Side effects of Aspirin
Aspirin is a medication which is used to treat pain. It is a NSAID or a nonsteroidal anti-inflammatory drug. In addition to being used for the treatment of pain Aspirin is also frequently used as a preventative medication for those at risk for heart attacks or strokes. Aspirin achieves the majority of its effects through its inhibition of prostaglandins and and thromboxane. Prostaglandins are responsible for transmitting feelings of pain to the brain. The reduction of prostaglandins by aspirin results in less pain being felt. Thromboxane on the other hand is a key agent in blood clotting. With the concentrations of thromboxane reduced in the blood by aspirin the blood becomes thinner and thereby less likely to form a clot. Though aspirin is helpful to a large number of people there are some side effects those who plan on taking aspirin should be aware of.
One of the most severe side effects of aspirin is known as Reyes syndrome. Reye's syndrome is a rare disease which only effects children and adolescents. There have been only a small percentage of documented cases of Reye's syndrome but it is still not advisable to give aspirin to children. Reyes syndrome cause brain damage and fatty liver. Often these effects are irreversible and will lead to death. There is no known cure and the best that doctors can do is try to treat the symptoms caused by Reyes syndrome. Reye's syndrome typically occurs when aspirin is given for the treatment of a fever. The FDA has recommended that aspirin should not be given to anyone under 12 years of age.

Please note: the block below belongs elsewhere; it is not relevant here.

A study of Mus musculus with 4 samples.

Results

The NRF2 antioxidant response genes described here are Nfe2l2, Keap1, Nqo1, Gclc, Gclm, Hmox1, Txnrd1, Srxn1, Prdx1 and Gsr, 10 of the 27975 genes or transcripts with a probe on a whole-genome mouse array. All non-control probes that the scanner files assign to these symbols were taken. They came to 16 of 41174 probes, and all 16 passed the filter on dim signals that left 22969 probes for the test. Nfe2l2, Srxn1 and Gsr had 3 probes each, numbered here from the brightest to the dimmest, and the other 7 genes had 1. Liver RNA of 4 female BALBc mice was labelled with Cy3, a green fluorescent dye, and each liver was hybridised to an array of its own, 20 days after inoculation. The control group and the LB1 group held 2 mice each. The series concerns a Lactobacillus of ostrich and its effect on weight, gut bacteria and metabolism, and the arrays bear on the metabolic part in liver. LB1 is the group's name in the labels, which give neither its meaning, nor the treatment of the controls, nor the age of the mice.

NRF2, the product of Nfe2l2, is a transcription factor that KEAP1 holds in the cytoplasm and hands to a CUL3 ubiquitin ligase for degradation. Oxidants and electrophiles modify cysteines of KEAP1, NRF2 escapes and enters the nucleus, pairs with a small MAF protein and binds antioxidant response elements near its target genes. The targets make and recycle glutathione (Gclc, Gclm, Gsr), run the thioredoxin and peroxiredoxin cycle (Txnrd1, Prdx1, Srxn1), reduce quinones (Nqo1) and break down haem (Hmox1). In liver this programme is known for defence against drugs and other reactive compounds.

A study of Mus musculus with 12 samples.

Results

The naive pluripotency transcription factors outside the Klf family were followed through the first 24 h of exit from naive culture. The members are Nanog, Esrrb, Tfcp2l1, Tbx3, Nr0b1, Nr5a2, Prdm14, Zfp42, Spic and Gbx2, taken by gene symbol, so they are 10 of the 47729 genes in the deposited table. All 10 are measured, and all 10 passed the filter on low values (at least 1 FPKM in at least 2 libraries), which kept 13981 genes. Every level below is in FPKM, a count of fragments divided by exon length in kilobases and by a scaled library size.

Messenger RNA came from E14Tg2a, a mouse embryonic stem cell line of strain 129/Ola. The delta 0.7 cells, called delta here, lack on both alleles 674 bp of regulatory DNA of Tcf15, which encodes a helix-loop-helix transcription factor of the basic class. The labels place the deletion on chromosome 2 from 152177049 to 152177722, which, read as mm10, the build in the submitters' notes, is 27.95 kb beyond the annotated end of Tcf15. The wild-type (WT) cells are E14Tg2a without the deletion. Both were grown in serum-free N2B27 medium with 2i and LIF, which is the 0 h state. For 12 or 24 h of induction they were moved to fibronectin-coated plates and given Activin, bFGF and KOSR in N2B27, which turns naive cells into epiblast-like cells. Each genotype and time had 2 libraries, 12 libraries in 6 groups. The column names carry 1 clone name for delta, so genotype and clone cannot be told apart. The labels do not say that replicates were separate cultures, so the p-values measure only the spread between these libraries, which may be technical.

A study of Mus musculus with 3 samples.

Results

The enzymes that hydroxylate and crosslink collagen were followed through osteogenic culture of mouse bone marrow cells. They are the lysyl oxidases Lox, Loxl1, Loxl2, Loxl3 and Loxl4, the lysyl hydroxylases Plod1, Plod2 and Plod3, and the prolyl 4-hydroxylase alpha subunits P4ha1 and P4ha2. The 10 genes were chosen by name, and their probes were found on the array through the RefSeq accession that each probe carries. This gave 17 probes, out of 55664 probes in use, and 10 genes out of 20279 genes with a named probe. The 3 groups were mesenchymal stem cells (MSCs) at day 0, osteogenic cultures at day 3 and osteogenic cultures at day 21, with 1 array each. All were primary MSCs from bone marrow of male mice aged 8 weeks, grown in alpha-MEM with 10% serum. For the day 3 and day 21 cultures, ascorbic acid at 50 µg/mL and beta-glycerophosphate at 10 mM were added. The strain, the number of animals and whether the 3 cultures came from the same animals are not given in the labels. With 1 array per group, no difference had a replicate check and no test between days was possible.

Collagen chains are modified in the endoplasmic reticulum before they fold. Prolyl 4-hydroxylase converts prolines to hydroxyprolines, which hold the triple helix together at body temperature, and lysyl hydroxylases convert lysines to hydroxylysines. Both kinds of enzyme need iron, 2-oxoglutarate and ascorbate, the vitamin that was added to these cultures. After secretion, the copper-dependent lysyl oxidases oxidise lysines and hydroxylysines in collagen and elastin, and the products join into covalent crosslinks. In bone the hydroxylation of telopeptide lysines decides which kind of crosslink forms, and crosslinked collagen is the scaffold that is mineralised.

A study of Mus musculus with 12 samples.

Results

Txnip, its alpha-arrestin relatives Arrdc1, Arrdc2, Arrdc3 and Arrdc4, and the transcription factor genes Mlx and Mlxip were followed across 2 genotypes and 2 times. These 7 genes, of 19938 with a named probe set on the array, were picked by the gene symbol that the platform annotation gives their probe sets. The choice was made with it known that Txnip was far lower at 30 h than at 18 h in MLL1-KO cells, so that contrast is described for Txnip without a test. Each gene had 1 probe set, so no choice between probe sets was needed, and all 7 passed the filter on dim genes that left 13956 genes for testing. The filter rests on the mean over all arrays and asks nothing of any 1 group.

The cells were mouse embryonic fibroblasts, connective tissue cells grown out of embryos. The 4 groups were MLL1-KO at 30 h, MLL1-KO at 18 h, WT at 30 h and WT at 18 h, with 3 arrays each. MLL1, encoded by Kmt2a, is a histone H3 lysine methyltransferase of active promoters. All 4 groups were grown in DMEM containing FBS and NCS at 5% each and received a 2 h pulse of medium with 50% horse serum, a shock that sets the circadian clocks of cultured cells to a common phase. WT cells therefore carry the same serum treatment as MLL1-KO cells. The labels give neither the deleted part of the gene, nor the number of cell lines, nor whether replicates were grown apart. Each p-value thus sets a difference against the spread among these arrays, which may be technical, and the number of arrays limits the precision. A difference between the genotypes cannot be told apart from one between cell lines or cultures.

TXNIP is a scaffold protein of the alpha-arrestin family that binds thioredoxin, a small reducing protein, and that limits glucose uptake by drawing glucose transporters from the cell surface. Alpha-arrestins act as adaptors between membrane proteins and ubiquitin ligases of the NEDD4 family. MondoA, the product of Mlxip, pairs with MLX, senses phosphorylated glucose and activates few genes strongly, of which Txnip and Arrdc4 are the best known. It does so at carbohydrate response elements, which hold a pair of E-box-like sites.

The most common side effect of aspirin is gastrointestinal discomfort. Taking aspirin can lead to an increase in the likelihood of ulcers and stomach bleeding. Taking other NSAID medications along with aspirin will also increase the chances of a gastrointestinal condition developing. Those with ulcers or other known stomach problems should avoid taking aspirin as it may aggravate those conditions. It is also recommended to take aspirin with a meal or a small snack to minimize the chances of gastrointestinal discomfort. Aspirin may cause diarrhea in some patients as well. If blood is found in the vomit or stools after taking aspirin treatment should be stopped immediately and professional medical attention should be sought. Some research has also concluded that taking aspirin with vitamin C reduces the risk of gastrointestinal discomfort developing.
Other Common Side Effects
A small number of the population may be allergic to aspirin. This is not technically an allergy but rather an inability of the body to metabolize aspirin resulting in an overdose. This results in the development of a rash as well as hives. Aspirin can also cause swelling of the skin. This is called angioedema. Typically, angioedema takes six hours to appear and only appears when aspirin is taken along side another NSAID medications. Aspirin can also cause complications if taken prior to an operation. This is due to its blood thinning properties. Because of this those about to undergo surgery should avoid aspirin and aspirin containing products.